Originally belonging to a family of English origins, Finca Abril's vineyards were planted back in 1922. The age of the vines ensures reduced yields and concentrated flavors in the grapes, while minimalist winemaking in the cellar ensures that the wines stay true to their terroir. Finca Abril is located in "La Consulta" in Valle de Uco, which is situated in the mid-west of Mendoza.
The French grape variety Malbec has its New World home in the vineyards of Mendoza, producing red wines of great concentration and intensity in what is by far the largest wine region in Argentina.
The soils in Mendoza are Andean in origin and have been deposited over thousands of years by the region's rivers. These rocky, sandy soils have little organic matter and are free-draining, making them dry and low in fertility. This kind of soil is perfect for viticulture, since vines are forced to work hard for hydration and nutrients and will produce small, concentrated berries instead of leafy foliage. The wines produced from grapes grown on these soils are often highly structured, with firm tannins, and have a distinct minerality that is often attributed to the soil.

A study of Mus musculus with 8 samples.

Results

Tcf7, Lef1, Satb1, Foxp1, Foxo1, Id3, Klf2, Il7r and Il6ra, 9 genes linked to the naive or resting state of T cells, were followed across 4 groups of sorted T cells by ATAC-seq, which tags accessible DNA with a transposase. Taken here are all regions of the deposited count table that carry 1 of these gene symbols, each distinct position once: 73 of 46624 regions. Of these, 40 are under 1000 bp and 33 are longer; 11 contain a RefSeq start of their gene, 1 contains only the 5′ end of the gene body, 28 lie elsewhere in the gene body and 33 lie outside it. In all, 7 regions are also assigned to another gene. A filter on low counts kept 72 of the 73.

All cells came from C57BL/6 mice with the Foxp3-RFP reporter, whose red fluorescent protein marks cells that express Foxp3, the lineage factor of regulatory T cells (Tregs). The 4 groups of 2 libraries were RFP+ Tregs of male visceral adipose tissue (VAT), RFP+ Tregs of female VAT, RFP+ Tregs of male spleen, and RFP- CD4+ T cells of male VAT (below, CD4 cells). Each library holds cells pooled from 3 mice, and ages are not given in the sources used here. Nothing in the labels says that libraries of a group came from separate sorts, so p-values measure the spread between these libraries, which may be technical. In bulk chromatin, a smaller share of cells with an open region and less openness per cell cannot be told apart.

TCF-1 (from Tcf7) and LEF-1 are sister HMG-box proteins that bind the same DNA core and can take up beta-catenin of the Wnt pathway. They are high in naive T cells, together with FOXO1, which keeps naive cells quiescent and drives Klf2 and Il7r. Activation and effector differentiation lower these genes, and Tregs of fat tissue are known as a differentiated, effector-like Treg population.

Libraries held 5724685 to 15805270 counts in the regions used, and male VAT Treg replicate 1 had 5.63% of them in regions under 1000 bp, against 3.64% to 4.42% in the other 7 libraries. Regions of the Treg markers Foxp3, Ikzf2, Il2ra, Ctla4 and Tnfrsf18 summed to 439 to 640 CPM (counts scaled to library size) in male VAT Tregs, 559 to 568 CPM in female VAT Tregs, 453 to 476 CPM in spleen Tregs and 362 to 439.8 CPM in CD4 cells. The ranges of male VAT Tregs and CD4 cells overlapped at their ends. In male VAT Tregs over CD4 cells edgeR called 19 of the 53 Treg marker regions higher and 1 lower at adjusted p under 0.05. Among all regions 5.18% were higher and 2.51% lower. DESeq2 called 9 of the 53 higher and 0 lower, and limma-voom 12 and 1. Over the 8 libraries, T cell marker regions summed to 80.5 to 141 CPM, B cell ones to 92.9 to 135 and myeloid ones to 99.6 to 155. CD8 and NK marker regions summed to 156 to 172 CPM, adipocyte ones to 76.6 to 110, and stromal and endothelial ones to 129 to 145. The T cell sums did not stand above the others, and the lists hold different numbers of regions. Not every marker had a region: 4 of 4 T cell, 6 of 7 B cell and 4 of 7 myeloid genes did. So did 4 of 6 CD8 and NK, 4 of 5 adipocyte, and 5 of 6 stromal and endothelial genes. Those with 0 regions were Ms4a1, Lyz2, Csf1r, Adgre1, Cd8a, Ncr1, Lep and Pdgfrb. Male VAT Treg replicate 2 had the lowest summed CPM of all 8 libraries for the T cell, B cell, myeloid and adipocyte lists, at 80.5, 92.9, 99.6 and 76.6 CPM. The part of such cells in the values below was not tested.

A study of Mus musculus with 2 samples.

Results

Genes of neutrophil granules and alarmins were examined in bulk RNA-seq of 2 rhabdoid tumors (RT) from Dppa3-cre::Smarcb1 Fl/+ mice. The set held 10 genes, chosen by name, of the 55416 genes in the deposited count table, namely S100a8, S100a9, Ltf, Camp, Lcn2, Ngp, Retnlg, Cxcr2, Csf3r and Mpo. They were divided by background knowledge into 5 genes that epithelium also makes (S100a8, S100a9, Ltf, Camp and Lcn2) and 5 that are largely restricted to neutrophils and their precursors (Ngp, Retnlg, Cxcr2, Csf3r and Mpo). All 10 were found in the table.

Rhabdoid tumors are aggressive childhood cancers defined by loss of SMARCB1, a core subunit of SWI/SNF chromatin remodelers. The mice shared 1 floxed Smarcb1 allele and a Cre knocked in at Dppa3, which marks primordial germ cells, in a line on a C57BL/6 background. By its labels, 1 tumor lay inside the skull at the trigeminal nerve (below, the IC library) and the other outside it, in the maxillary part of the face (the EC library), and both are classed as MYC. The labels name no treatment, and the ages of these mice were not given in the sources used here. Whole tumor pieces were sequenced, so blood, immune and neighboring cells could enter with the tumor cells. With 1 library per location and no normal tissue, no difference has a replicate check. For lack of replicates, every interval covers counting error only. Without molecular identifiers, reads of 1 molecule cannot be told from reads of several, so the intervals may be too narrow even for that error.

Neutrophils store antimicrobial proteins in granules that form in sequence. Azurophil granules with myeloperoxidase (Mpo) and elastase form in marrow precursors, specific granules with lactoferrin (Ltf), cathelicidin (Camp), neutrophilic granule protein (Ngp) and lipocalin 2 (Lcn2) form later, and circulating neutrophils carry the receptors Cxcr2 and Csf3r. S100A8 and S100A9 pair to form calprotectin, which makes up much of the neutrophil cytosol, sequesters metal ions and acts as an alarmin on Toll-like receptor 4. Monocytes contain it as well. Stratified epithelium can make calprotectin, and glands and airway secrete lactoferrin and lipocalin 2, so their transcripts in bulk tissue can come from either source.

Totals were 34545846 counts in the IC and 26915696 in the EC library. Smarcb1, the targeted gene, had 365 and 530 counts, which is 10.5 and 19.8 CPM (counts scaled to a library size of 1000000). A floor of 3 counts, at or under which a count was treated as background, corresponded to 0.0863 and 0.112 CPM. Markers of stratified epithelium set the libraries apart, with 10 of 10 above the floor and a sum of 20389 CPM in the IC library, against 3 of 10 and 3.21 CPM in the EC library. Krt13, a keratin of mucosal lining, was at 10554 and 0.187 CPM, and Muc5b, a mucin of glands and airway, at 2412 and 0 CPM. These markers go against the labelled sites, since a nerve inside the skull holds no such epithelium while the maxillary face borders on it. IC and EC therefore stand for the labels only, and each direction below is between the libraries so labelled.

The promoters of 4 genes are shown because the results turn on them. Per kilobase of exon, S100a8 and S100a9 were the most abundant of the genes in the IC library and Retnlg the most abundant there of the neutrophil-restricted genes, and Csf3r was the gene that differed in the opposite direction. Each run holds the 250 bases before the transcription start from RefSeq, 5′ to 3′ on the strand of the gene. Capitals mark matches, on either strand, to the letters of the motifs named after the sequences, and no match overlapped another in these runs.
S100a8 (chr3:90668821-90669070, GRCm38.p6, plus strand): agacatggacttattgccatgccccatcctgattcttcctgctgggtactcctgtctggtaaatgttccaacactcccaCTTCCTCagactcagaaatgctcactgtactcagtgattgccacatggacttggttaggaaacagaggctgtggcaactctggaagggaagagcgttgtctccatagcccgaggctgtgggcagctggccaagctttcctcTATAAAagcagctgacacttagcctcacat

Altitude is another one of the defining characterisitics of Mendoza terroir. The strip of vineyard land that runs along the base of the Andes is between 2600 and 3900 ft above sea level, and moderates the hot, dry climate of the region. Warm, sunny days followed by cooler nights slows the ripening of the grapes and naturally extends the growing season while producing rich, ripe flavors. Irrigation is provided by the many rivers criss-crossing the region, and warmer drier harvets allow for picking based on ripeness rather than the fluctuations of the weather, which in turn reduces vintage variation and contributes to the reliable, consistent wines of their iconic wines.